The Concord (Mass.) Chamber Music Society’s 20th-season opener at Concord Academy last Sunday afternoon ranks by any measure among the more pleasurable chamber concerts I’ve been to in years. Piece by piece, measure for measure and note for note, violinists Glenn Dicterow and Wendy Putnam, violist Karen Dreyfus, cellist Andrés Díaz, and pianist Marc-André Hamelin delivered the goods with engaging expertise.
The Duo Lyrico for Violin and Viola, by Japanese-American composer Paul Chihara (b1938), immediately set the standard for top-shelf execution. A facile three-movement collage of styles based on well-known tunes of Schubert, Bach, and others, it is ever uncertain of its direction but reaches many moments of Ivesian declamation amid no little pleasantly dissonant noodling. It hides its materials busily, cleverly, even if it sounds lacking in ambition. It was written for the performers, Dicterow and Dreyfus (the occasion was the former’s retirement as NY Philharmonic concertmaster; the duo happen to be mister and missus). They did it up proud, more independently than together, though maybe that’s the piece and the dry clear acoustical space. Chihara shows the polished, veteran confidence of one who has done prolific work also for film and theater. I hope this fine rendition was recorded, and not only because I would like to become familiar with the composer.
After Zoltán Kodály’s own Duo, for violin and cello, concertgoers near me remarked how displeasingly “contemporary” the 105-year-old work sounded, not conventionally “harmonious,” “not something I would leave on the radio in the car.” Sigh, and ’twas ever thus, one supposes. The CA Performing Arts Center was almost packed, and the crowd overwhelmingly silver-haired; as we all age out I wonder who will replace us. Director Putnam does a thoughtful job blending not-all-oldies repertory for this audience.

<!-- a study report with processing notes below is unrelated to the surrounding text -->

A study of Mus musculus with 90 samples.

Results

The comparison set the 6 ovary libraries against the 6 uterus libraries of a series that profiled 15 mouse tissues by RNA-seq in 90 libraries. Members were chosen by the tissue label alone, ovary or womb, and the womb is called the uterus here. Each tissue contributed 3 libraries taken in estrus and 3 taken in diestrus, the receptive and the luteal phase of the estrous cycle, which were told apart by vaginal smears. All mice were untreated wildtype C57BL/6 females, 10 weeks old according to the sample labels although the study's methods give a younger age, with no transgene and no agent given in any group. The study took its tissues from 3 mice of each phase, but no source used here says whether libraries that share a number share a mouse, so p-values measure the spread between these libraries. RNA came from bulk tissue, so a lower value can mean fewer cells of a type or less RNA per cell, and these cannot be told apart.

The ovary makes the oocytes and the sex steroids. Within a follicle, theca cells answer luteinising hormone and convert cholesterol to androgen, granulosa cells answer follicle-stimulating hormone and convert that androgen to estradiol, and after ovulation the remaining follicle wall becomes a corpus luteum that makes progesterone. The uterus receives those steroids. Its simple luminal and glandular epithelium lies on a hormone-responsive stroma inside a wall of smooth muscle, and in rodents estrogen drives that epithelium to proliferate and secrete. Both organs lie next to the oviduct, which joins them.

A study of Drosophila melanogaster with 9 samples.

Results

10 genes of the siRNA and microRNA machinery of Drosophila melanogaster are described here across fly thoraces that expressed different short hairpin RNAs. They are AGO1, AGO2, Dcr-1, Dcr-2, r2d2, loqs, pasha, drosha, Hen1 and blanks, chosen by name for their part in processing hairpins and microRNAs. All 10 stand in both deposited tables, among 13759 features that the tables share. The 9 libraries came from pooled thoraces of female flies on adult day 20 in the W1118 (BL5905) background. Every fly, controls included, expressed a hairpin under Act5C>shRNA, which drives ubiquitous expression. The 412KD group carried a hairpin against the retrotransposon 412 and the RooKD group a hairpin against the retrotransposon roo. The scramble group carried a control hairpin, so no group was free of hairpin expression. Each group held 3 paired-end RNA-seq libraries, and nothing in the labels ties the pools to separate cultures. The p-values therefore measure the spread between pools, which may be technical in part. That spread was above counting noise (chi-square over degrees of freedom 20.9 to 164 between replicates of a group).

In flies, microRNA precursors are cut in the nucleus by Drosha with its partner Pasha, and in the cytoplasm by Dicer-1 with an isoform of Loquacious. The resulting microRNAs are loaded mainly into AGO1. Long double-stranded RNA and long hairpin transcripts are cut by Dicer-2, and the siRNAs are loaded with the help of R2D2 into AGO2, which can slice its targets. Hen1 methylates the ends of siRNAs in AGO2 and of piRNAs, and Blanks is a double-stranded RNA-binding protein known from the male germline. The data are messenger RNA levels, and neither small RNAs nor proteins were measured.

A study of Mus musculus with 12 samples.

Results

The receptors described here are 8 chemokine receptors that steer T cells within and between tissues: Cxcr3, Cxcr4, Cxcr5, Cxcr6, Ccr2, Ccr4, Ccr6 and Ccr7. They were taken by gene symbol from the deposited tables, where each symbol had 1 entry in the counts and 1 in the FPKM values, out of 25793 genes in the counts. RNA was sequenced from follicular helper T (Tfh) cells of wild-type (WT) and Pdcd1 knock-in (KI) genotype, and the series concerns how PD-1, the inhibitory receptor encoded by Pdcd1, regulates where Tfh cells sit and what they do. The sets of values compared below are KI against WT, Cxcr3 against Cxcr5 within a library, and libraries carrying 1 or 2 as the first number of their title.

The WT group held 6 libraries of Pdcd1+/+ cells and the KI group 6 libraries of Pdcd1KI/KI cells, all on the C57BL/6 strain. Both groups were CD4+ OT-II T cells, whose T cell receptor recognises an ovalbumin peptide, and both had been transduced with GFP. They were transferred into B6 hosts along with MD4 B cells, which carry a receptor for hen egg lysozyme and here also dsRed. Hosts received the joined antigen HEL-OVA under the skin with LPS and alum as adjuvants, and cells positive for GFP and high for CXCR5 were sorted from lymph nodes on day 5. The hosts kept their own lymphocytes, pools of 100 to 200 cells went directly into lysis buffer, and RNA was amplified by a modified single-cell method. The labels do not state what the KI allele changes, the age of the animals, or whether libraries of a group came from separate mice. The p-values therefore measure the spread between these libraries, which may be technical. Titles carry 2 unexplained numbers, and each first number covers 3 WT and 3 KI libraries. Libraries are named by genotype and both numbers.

She also is a polished violinist. For the Kodály, which actually is lovely, she and Díaz, who gets world-class tone of his own from a chesty Goffriller using fewer large-gesture exertions, or perhaps it’s just greater efficiency, than any cellist you’ve ever seen, conveyed their astute, idiomatic read— attentive and sometimes brilliant, unshowy but intensely committed. This duo is largely a muted piece, at least compared with the composer’s songs I have sung. The 32-year-old Kodály was not yet known, but he structured the Duo’s folksy materials with some rigor and great expressivity. Opening drones unfold grippingly, to coin a contradiction, and the closing third movement, a ways off, arrives with vehemence. The middle Adagio–Andante is really something, bluesy, a doleful Central European dialogue, and while standing strongly on its own it also calls for someone to make a movie, or a dance, upon it. Putnam and Díaz owned the entire work, meandering and all.
For the surefire Dvořák Piano Quartet No. 2, the four strings were joined by pianist Hamelin, here of apposite quietness. Little need be reported, so refined and powerful was the ensemble effort. This ravishing quintet began in relaxation and stayed that way even as fires launched and weight gained. The Dumka Andante’s many moments of aching beauty practically overwhelmed. You can hear any number of chamber concerts with less-exact violin (and viola) intonation of the highest notes at loud levels. Yet that was just one achievement to set the afternoon apart. High praise to all.
David Moran has been an occasional Boston-area music critic for 50 years, with special interest in the keyboard.